It’s a challenge which has resulted in bespoke components for a parc which is more niche than ever before.
As such, like many components, the spark and glow plug market is becoming increasingly driven by original equipment suppliers.
As carmakers move towards bespoke fitments for their new vehicles, the pressure grows for spark plug manufacturers to get the standard fit.
There are big benefits for plug manufacturers working with carmakers.
However, the many different fitments can cause stocking issues for workshops, according to Mike Parsons, of Unipart.
“Workshops would once hold spark plugs as a stock item,” he says.
“Given the higher costs associated with new plug technology and the increased range required, they would be wise to consider moving towards an on-demand approach.”
To solve the problem, some spark plug manufacturers are moving towards a shorter range for the aftermarket.
Bosch and Champion both reduced their range to around 50 fitments last year, claiming this would allow garages to stock plugs for around 90% of vehicles.
But others argue that shared fitments will lead to vehicles being fitted with plugs that don’t meet factory specification.
Brian Childs, deputy managing director of NGK, says: “The aftermarket has changed in the last few years due to OEM presence, and many have a shortened range.
We supply the same as OEM specification; we’re offering the end user the same as should be fitted.”
Even those who have taken this route admit that the trend towards bespoke fitments may cause them to rethink.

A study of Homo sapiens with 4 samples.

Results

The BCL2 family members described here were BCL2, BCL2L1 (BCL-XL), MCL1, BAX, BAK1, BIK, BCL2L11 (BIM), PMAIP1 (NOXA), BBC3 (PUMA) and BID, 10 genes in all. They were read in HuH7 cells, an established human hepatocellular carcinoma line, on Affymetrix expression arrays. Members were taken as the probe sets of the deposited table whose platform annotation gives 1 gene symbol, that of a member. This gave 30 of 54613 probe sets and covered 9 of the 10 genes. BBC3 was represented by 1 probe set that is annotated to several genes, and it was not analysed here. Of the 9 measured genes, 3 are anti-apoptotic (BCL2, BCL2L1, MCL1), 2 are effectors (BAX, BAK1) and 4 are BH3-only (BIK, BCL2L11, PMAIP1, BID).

#AM_ART_SPLIT#Michael Hoade, of Bosch, says the range is aimed at older vehicles, and that the next few years will force it to expand its range.
Environmental pressures have led to more expensive metals, such as iridium, being used.
These are aimed at lengthening the plug’s life and ensuring it maintains its gap and thus efficiency for a longer period.
Spark plugs are now almost fit and forget. In some cases, a car may only have one new set in its lifetime.
But despite a 5% drop in volume, the higher price of raw materials and widespread use of more expensive metals has pushed up prices by 10%.
Increasing diesel popularity has also had a major effect.
In the UK, these represent 18% of the parc, but higher fuel prices and emissions-based road tax is causing this segment to grow.
Frank Toebes, of Denso, claims the European glow plug market will reach 41 million units by 2010, a 75% increase on 2004.
In some European countries Denso is getting more revenue from glow plugs than spark plugs.
These present new issues for workshops.
Sales of glow plugs vary seasonally, peaking during cold months.
And, because glow plugs are often specified to last the lifetime of the vehicle, rising diesel penetration will further reduce sales.
Increased plug life is also affecting engine design.
Less frequent changes makes it less important for vehicle manufacturers to make plugs easily accessible.
As a result, when the plugs are changed, this can involve higher labour charges.
The result is a stable market, with less frequent changes costing more for the consumer.
But with vehicles now potentially only coming into the workshop once or twice for new plugs, it’s essential that workshops can provide the right products at the right price to ensure that they get the work.